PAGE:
The Pig Site speaks to the Vice President of Sales & Business Development at Silver Lake Research Corporation, the company that makes and manufactures the only low-cost rapid African swine fever test in the world with accuracy rates greater than 95 percent.

6 March 2020, at 9:00am

Silver Lake Research Corporation makes and manufactures PenCheckTM, the only low-cost rapid African swine fever test in the world with accuracy rates greater than 95 percent. The research group is in the business of developing monoclonal antibodies to detect a variety of environmental, veterinary or clinical targets. What they have done with PenCheckTM is develop a set of monoclonal antibodies to detect a very specific viral protein that is expressed by the ASF virus currently spreading through pig populations in Asia and Europe.

This week, The Pig Site speaks to Erik Serrao, Vice President of Sales & Business Development at Silver Lake Research Corporation, who tells us more about the development of this new rapid test, and why it’s invention will be critical to preventing the spread of this highly contagious virus.

“Once we developed the specific ASF antibody in the lab, we very quickly engineered a rapid dip-stick style test that can detect this viral protein and in effect, detect this virus in whole blood of pigs within 20 minutes,” explains Serrao.

“We have a variety of products that have the same structure – a simple, inexpensive dip-stick test – which all use monoclonal antibodies, which means they are all extremely specific and sensitive to their targets.”

The sensitivity of this test is essential to its success at identifying the ASF virus as quickly as possible.

The pig only begins to show moderate to severe clinical signs after around four days – approximately halfway into the viral cycle so by the time the pig is visually detected to be showing clinical signs of ASF, it has probably already infected every other pig around. It is therefore easy to understand how this virus can spread and kill an entire herd very quickly.

“The ideal diagnostic method needs to be quick in order to identify and remove infected pigs from the herd and quarantine them as quickly as possible,” says Serrao.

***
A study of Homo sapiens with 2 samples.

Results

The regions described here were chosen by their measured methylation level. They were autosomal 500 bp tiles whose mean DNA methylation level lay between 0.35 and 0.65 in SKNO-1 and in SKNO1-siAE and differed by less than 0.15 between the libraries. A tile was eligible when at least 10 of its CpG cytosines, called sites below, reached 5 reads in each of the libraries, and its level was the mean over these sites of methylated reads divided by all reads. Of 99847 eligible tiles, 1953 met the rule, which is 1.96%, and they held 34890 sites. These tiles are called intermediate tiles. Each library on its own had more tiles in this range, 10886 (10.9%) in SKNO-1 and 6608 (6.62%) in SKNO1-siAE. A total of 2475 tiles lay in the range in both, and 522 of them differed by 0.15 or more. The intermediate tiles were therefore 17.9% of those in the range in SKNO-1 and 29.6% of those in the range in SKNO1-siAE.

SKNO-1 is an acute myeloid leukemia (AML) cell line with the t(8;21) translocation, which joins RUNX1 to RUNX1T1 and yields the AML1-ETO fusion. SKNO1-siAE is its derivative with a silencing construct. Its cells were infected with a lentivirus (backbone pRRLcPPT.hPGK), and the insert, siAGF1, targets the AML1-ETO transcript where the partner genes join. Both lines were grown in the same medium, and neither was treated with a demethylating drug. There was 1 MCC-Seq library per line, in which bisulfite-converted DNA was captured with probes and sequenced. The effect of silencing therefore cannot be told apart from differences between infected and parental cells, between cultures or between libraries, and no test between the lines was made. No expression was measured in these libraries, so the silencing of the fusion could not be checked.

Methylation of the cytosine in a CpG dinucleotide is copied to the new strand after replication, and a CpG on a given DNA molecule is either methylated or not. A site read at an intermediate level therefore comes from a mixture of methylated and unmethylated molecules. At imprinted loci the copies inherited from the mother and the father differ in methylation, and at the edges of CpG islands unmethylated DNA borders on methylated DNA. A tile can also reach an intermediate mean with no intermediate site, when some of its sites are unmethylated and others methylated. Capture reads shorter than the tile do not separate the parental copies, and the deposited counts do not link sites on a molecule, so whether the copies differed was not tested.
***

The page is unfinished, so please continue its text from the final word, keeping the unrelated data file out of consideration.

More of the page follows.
The PenCheckTM test requires no specialist training to use and produces results in 20 minutes, making it a significantly faster way to identify infected and non-infected animals.

blood sample

Serrao says that the test is so fast and simple, he can describe the entire procedure in under 30 seconds.

  1. Withdraw a small amount of blood – a common procedure carried out by producers – from the ear or tail.
  2. Pipette this small amount of blood into the provided test tube and add a small volume of water. Serrao stipulates that the water used for testing these blood samples should be distilled, or bottled, or at least safe drinking water.
  3. Insert the test strip into the mixture.
  4. Read the result in 20 mins.

The current gold standard for detecting African swine fever that is used in the field right now is quantitative PCR. Using PCR requires training and liquid reagents, and it can take up to ten hours to get results. Conducting PCR is also expensive, and it can’t generally be used to test a lot of samples at the same time.

“PenCheckTM is projected to be around five times cheaper than quantitative PCR and produces an accurate result in 20 minutes rather than 6-10 hours,” says Serrao.

“It is also amenable to multi-plexing – testing multiple samples at once – so you can test an entire herd in very little time.”

The product is in the early stages of being marketed across affected regions of Asia and Europe, and Silver Lake Research is actively seeking distribution partners to navigate regulatory and other licensing requirements in all affected Asian and European countries. Serrao says that there are other tests flooding the market that are not so accurate so people are rightfully very cautious about using a new method. This said, he’d like to emphasise the data that Dr Juergen Richt at Kansas State University has put together.

Dr Richt, DVM, PhD, conducted an independent clinical validation study to determine the accuracy of PenCheckTM. The sensitivity of PenCheckTM test was 95.5 percent, with a specificity of 99.3 percent. In the sensitivity tests, PenCheckTM correctly identified 21 out of 22 pigs with moderate to severe symptoms of African swine fever. In the specificity tests, PenCheckTM was found to be very dependable. In 144 pigs with no prior symptoms, PenCheckTM correctly determined 143 pigs did not carry the virus.

“The test is highly accurate,” concludes Serrao.

“There are no other rapid tests in the world to detect ASFv with this level of validated field accuracy.

“I can confidently say it’s the most sensitive and specific rapid ASF screening test in the world.”